RN30_01a_P: RN KEYNOTE SESSION with Ann Nilsen: Youth, Intergenerational Solidarity and the Crises in Europe
Wednesday, 30/Aug/2017:
2:00pm - 3:30pm

Session Chair: Valentina Cuzzocrea, University of Erfurt
Location: PC.1.7
PANTEION University of Social & Political Sciences 136 Syggrou Avenue 17671 Athens, Greece Building: C, Level: 1.
Discussants: Carmen Leccardi; John Goodwin; Sanna Aaltonen


Ann Nilsen

University of Bergen, Norway

Youth transitions in times of inequality:

‘Private troubles and public issues’ in discussions of intergenerational solidarity and conflict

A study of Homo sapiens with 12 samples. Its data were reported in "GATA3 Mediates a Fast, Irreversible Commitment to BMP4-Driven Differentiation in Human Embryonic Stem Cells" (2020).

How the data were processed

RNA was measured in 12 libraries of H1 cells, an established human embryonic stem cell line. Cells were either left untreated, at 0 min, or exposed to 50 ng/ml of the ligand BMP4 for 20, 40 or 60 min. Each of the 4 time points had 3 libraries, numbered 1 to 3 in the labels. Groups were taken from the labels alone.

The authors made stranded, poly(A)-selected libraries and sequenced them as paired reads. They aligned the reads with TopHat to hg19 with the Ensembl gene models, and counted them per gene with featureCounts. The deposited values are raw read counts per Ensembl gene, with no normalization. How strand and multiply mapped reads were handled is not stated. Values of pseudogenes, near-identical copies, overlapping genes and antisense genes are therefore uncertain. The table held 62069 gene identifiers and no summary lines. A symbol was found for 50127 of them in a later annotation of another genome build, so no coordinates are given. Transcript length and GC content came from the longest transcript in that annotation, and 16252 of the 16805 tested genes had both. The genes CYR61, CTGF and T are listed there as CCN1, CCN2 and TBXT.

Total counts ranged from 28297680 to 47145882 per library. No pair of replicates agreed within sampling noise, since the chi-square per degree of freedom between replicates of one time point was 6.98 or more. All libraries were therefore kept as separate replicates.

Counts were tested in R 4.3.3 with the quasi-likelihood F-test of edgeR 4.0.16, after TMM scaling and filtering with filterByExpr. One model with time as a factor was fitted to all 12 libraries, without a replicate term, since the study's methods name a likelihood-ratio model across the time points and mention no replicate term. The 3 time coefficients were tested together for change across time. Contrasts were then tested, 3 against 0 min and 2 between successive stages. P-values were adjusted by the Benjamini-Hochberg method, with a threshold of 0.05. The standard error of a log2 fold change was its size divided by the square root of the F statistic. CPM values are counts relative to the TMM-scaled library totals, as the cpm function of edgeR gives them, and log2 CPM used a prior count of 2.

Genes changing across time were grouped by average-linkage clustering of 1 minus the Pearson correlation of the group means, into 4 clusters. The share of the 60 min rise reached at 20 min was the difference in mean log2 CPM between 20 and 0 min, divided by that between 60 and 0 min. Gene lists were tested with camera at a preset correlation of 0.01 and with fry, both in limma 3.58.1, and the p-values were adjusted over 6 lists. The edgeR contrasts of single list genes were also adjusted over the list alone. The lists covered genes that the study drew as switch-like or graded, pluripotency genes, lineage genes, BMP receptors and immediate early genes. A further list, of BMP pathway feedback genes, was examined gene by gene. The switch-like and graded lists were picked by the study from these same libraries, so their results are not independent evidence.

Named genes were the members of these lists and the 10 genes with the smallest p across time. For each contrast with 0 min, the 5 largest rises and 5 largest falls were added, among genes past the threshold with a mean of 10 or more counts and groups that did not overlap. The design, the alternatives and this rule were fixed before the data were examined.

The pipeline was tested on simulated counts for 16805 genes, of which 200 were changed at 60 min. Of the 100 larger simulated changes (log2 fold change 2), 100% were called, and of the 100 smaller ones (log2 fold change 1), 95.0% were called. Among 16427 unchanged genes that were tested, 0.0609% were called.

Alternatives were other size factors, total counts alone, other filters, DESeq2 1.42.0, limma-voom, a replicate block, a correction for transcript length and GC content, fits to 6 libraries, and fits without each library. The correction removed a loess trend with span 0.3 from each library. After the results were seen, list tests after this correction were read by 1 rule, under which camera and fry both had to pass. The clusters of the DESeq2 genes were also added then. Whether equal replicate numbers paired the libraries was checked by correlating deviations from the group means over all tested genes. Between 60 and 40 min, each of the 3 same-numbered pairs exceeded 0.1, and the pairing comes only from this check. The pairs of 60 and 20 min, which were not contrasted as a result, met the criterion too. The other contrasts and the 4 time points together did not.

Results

The current time of increasing social inequalities, cutbacks in public spending and high youth unemployment in many European countries, is a challenging period for young people making their transitions to adulthood. On the other end of the age spectrum, the demographic circumstances with an ageing population are also a source for concern in many countries. In the public debate and in some social science research, the demographic situation is put forward as a major reason for the plight of the young as public spending on pensions and care for the elderly far outweigh the economic transfers to the younger strata of populations in social protection budgets. The unequal distribution of social protection expenditure by age has increasingly been discussed in terms of an intergenerational conflict. Others have maintained that a social contract between generations is the basis of all societies and highlighted how the upholding of intergenerational solidarity is a cornerstone for peaceful co-existence across generational divides. An overarching aim in this paper is to examine the wider implications of the standpoints in this debate with a particular emphasis on young people’s transition phases. The origins of the ‘generational equity debate’ will be traced and addressed within a wider framework that includes an historical contextualisation of the ideas and concepts involved. C.Wright Mills’ approach and concepts form the main theoretical frame of reference. Empirical evidence will include relevant statistics, and interview material from a three generation life course study of intergenerational transmission processes.